Russian Orthodox Church of St Elizabeth in Wiesbaden

These days the last sovereign ruler of the Duchy of Nassau is most famous - Well, as famous as a historical ruler of Luxembourg can be - for also being the first Grand Duke of Luxembourg from the Weilburg branch of the House of Nassau. Before ascending to the grand ducal throne at the age of 73 after the House of Orange-Nassau had died out in male line, Grand Duke Adolph (1817-1905) had ruled the Duchy of Nassau until it was annexed by Prussia in 1866. Since 1816, the capital of said Duchy of Nassau had been Wiesbaden and so the capital of what is now the German state of Hesse is also the location of a church Duke Adolph built in memory of his first wife, née Grand Duchess Elisabeth Mikhailovna of Russia.

Only a year after their wedding in 1844, Duchess Elisabeth died shortly after giving birth to a stillborn daughter. After two years of mourning, Duke Adolph decided to build a church in memory his late wife and stillborn daughter. The Russian Orthodox Church of St Elizabeth, which was financed by Elisabeth's dowry, is located on Wiesbaden's Neroberg overlooking the city. This way, Duke Adolph was able to see the church from his main residence, the Stadtschloss. The church is also sometimes referred to as "Greek Chapel" for the simple reason that, at the the time it was built, every orthodox church in Germany was referred to as such.

Built according to the traditional Russian Orthodox building canon, the church is a so called cross-on-square church featuring five golden onion-shaped cupolas with golden Orthodox crosses on top. Each of the cupolas has windows in them to let daylight into the church. Prior to a visit by Russian president Vladimir Putin in 2007, the cupolas were cleansed and newly gilded for about half a million euros. The building has two entrances, one to the southern side only to be used by the Russian tsar and thus unused since 1917, and another one to the western side which is today's main entrance. On three sides of the church there are sculptures of Saint Helena, patron saint of Elisabeth's mother, Archangel Michael, patron saint of Elisabeth's father, and Saint Elizabeth, to whom the church is dedicated.
The church's interior features iconostasis by Carl Timoleon von Neff who combined the tradition of Tsar Peter the Great with Western influences. The church's most striking interior feature is the tomb of Duchess Elisabeth made of carrara marble and featuring a life-sized idealisation of the Romanov Grand Duchess. The church's religious opening took place on May 25, 1855, and the coffins of Elisabeth as well as her daughter were brought into the church under the following night. In 1903, Tsar Nicholas II and his wife Alexandra visited the church during their stay in Wiesbaden. (For more information about the church's history and architecture, have a look here.)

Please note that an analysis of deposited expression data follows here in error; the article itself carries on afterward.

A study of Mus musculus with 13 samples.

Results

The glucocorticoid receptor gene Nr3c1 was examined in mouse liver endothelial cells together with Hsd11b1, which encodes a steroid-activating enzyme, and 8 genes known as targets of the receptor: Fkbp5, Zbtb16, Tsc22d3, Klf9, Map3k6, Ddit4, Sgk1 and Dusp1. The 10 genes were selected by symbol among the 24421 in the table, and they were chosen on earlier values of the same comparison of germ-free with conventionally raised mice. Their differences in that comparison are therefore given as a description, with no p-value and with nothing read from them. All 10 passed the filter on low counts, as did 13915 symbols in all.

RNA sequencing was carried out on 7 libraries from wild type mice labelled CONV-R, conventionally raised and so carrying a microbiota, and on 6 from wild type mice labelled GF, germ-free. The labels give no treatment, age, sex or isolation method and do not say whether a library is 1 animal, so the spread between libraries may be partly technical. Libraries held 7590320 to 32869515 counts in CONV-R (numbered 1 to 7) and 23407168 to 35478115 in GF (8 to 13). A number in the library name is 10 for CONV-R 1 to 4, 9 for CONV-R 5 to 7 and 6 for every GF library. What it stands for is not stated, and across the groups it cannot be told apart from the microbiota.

More recently, the church was visited by the Hereditary Grand Duke and the Hereditary Grand Duchess of Luxembourg last year. Also last year, yours truly visited the Russian Orthodox Church of St Elizabeth during a visit to Wiesbaden. The best way to get up the hill to the church is probably to use the Nerobergbahn, a funicular railway, and then walk the short distance from the station to the church. In a stroke of genius, I decided to walk, almost got lost as the area wasn't on my map but thankfully found it and saw lots of veeery nice houses - which I will most likely never be able to afford - on the way. 

Nevertheless, my walk up the hill was very much worth it. Personally, I have a bit of a weakness for orthodox churches even though I have only visited two handfuls or so in my life thus far. This one in Wiesbaden might just be my favourite of them all. My penchant for all things Nassau(-Weilburg) is very well known but I also loved the lightness of the church which featured lots of marble and gold. I was also very impressed by the iconostasis and general decoration. 

Good to know:
The Russian Orthodox Church of St Elizabeth is open all year round. From January to March and November to December, it can be visited between 10am and 4pm. In April, the church is open an hour longer until 5pm. May to October, the church can be visited between 10am and 6pm apart from Saturdays, when it is only open until 4:45pm, and Sundays, when it opens at 12:30 pm, due to worship services. I don't quite remember how much admission was exactly, either one or two euros. For more information, have a look here or here if you know Russian.